Presenter of the National Book Awards

2010 National Book Award Finalist,
Young People's Literature

Walter Dean Myers

Lockdown

Amistad, an imprint of HarperCollinsPublishers


Photo credit: Constance Myers


ABOUT THE BOOK

When I first got to Progress, it freaked me out to be locked in a room and unable to get out. But after a while, when you got to thinking about it, you knew nobody could get in, either.

It seems as if the only progress that's going on at Progress juvenile facility is moving from juvy jail to real jail. Reese wants out early, but is he supposed to just sit back and let his friend Toon get jumped? Then Reese gets a second chance when he's picked for the work program at a senior citizens' home. He doesn't mean to keep messing up, but it's not so easy, at Progress or in life. One of the residents, Mr. Hooft, gives him a particularly hard time. If he can convince Mr. Hooft that he's a decent person, not a criminal, maybe he'll be able to convince himself.

ABOUT THE AUTHOR

Walter Dean Myers was a Finalist for the National Book Award in 1999 for Monster and in 2005 for Autobiography of My Dead Brother. He is a New York Times bestselling and critically acclaimed author who has garnered much respect and admiration for his fiction, nonfiction, and poetry for young people. Winner of the first Michael L. Printz Award, he is considered one of the preeminent writers for children. He lives in Jersey City, New Jersey, with his family.

SUGGESTED LINKS

Walter Dean Myers' website
www.walterdeanmyers.net

Walter Dean Myers' author interviews and podcasts on adlit.org
http://www.adlit.org/second_chances#podcasts

Walter Dean Myers' webpage at Rutgers University
comminfo.rutgers.edu/professional-development/childlit/myers.html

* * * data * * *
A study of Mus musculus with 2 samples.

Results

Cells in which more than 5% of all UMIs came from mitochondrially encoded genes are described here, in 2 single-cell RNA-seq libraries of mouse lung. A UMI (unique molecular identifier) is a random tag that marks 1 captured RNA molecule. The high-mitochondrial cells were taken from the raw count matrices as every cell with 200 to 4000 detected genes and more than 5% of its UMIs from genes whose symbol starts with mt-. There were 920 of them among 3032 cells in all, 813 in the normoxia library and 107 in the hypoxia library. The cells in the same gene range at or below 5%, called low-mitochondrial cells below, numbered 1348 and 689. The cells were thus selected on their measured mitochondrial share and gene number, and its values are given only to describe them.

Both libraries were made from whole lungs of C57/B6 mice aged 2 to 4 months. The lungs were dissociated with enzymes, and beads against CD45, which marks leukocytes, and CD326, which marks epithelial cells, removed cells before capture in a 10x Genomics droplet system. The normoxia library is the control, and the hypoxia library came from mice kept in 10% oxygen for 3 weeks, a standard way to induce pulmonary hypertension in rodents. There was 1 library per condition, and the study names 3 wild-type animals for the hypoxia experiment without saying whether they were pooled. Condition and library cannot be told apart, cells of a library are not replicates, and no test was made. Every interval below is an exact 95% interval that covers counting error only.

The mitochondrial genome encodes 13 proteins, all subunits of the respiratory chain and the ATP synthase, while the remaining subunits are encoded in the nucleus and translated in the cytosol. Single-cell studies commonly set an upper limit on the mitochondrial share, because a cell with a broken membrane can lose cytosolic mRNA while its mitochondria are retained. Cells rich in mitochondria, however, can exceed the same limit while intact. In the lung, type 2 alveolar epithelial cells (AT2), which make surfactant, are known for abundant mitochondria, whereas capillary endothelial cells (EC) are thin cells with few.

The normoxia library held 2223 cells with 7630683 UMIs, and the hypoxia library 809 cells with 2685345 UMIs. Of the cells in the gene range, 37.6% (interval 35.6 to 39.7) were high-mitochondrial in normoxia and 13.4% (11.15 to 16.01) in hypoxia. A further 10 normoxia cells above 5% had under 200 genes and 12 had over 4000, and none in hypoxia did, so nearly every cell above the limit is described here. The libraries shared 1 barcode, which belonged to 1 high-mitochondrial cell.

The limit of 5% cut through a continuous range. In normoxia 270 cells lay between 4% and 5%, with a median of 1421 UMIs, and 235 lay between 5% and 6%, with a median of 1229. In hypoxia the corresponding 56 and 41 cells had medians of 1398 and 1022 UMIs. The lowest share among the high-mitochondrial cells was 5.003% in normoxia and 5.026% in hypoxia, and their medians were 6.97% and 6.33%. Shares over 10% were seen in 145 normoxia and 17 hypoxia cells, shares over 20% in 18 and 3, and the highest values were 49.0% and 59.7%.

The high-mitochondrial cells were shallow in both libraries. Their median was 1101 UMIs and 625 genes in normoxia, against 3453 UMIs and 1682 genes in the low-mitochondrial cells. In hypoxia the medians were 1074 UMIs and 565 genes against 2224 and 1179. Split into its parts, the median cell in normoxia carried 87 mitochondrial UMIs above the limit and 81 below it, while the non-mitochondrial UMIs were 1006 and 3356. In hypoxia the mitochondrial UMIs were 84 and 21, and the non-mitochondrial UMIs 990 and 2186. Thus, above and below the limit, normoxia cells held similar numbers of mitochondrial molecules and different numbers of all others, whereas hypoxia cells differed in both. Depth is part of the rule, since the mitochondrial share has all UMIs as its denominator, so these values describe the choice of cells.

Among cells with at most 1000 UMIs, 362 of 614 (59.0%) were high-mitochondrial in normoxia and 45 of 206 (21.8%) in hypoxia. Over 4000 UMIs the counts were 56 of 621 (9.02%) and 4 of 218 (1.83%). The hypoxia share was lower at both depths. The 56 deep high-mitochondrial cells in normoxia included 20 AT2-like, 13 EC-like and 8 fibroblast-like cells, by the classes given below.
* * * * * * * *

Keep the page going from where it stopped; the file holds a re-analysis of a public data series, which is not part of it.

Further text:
EXCERPT

The first thing I had to do was to cop the time from whoever brought me a meal. Then I would mark that off, and the next time they brought me a meal I would mark that off, and then divide that into sections.

The room was getting darker. Soon it would be so dark I would have to feel my way to the cot. But I wasn’t feeling bad about it anymore. Maybe if I stayed in detention for months, or even years, it would be different. But I could put up with bad stuff happening to me.

Then why do I fight all the time?

Because fighting is good. When you fight you’re alive, you’re somebody. You’re not standing in the corridor with your hands behind your back. Maybe that’s it, that you’re free, swinging your fists, letting people know who you are. Even if you’re going to die. That kid who beat up Mr. Hooft, maybe he knew more than Mr. Hooft thought. Maybe he knew he was going to die but needed to be somebody for that minute. Like the guys in the hood running down the streets throwing signs and spitting smack like they’re bulletproof but knowing they aren’t. Knowing they aren’t.

I could do detention. Sitting there in the dark, trembling as the minutes slipped by. It didn’t make any difference how slow it went. I was locked in and the rest of the world was locked out. I couldn’t touch them, but they couldn’t touch me, either.

I’m all right.

When they finally let me out, I was jumpy, off balance. It’s how they wanted me to feel.